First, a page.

I have had the good fortune this evening of attending the opening night of this rock-opera by composer/singer James Mannion. As a live musician myself, and audio engineer I tend to be a bit critical, but I will say straight away that this was a simply stunning performance from all angles but especially the quality of all the performers and the originality and impact of the composition.
The performance consisted of a complex arrangement of dramatic acting (spoken), rock music, video backdrop and a female choral group, called the Women of Note. The action takes place in Death’s Waiting Room, and focuses on the thrust and parry between a recently dead victim of a mugging, the main part Trim Tab Jim played by James Mannion, and the Angel of Death played by Penny Scott-Andrews. Trim Tab Jim propounds three Causes which essentially form a justification as to whether he should actually be dead or not – the outcome of which I will not spoil for you as two further performances at the Brighton Fringe are upcoming, on May 15th and 17th. Indeed given the sheer quality of the production directed by Amy Onyett, I feel sure opportunities will occur in the future to catch this show.
The seven members of the female singing group, aided by a capable pianist performed a number of songs as the audience gathered, with accuracy of intonation and harmony that was a delight. Their further singing from the back of the auditorium at times during the performance added an ethereal and delightful dimension to the music. The band was a 4-piece consisting of guitars, bass, keys drums and backing vocals, who remained tight and accurate throughout (despite some rather mind-boggling instrument swaps, rather unnecessary I always think) and I didn’t hear a single note wrong which is quite a feat, especially as the stage was often very dimly lit! The quality of the playing was substantial, very musical with a good dynamic range and expression – obvious signs of serious rehearsal by serious musicians. At times the drama of the music reached peaks of excitement that both surprised and enthralled.
Special mention must be made of the lead, James Mannion whose singing was full of expression, and so delightfully always in tune, such a relief when the singer is accomplished enough to sing accurately! His voice showed a range of style and emotion, excellent dynamic range, supplemented by speaking parts, and again not a single detected mistake. James really threw in a tour-de-force of a performance, fabulous stuff indeed.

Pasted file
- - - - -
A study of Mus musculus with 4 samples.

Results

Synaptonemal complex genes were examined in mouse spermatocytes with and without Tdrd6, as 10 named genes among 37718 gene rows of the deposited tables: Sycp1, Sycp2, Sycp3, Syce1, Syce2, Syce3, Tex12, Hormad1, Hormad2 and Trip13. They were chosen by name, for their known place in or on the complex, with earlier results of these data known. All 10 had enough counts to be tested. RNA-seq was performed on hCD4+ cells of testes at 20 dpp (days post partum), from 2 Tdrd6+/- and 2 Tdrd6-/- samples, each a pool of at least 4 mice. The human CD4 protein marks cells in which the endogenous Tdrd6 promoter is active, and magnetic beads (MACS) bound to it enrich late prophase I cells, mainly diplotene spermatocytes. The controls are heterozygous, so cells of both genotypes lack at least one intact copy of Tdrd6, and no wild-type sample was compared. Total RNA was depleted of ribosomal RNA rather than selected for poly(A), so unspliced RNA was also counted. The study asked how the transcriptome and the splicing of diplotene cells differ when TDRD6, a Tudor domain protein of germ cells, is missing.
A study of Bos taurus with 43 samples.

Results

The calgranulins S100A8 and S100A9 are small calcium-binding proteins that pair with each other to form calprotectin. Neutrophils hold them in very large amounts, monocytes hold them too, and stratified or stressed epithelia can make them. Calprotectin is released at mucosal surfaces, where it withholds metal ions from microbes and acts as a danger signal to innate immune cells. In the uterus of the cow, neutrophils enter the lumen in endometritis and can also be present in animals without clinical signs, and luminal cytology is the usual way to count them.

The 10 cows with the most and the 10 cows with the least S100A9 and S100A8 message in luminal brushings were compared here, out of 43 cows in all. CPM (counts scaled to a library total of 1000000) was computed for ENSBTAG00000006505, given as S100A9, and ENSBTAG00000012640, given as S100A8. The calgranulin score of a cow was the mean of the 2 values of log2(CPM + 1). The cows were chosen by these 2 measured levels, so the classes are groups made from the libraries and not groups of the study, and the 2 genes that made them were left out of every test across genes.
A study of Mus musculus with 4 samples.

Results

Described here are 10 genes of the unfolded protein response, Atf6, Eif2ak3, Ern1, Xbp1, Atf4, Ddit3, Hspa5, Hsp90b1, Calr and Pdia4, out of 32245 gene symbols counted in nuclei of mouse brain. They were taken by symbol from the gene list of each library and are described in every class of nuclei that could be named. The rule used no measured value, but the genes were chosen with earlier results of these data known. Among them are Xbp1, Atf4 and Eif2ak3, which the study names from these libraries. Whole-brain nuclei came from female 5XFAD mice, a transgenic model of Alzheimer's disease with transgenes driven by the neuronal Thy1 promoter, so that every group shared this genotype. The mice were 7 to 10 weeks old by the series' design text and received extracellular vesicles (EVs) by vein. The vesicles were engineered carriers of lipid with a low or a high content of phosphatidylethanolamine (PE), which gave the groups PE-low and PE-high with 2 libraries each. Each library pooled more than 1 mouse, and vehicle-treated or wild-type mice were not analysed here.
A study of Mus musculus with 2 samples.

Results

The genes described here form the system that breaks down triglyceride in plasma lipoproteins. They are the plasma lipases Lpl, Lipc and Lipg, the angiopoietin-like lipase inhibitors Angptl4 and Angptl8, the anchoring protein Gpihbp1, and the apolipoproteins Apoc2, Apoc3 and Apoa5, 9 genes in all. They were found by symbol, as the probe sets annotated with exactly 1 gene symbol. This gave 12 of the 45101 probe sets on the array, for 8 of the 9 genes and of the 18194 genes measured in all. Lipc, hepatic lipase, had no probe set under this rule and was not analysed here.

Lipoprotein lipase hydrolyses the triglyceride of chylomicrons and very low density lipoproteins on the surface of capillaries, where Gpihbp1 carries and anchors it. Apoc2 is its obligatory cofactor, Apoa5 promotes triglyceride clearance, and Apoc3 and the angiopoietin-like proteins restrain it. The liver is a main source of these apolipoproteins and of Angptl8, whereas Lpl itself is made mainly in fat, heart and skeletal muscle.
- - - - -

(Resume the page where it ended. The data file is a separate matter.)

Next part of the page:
it would be easy to underestimate aspects of this production, but the detailed work involved must have been immense. The projected video that synchronised with the performance impressed greatly, as did the speed with which the engineer put right a video software crash at one point, rapidly regaining the correct point in the video stream thus saving the day.
In the context of such satisfaction its possibly churlish to mention any niggles. On an audio mix note, at one point the applied lead-vocal reverberation intrusively emphasised high frequencies but this minor niggle was brief and possibly a temporary radio-mic malfunction. From the start the musical mix was bass-light, and remained so throughout from my position in the audience near one of the main PA speakers. I wonder if this was because the audio engineer was at the back in the corner of the auditorium where bass will sound enhanced – a tricky place for a front of house engineer to mix from. The keyboard used for rock organ was nearly inaudible in the mix but only for the first 15 minutes, after which it was perfect. The thrust and parry of Trim Tab Jim and the Angel of Death Was a very uneven contest! Jim had the intellectual upper hand throughout, with the Angel defending her corner with one hand tied behind her back, or maybe one wing!
In summary James Mannion deserves huge credit for his highly original creation, that combined so many artistic and intellectual elements. He has assembled a thoroughly talented team who exerted a grip from start to finish of this memorable performance. It deserves to go far.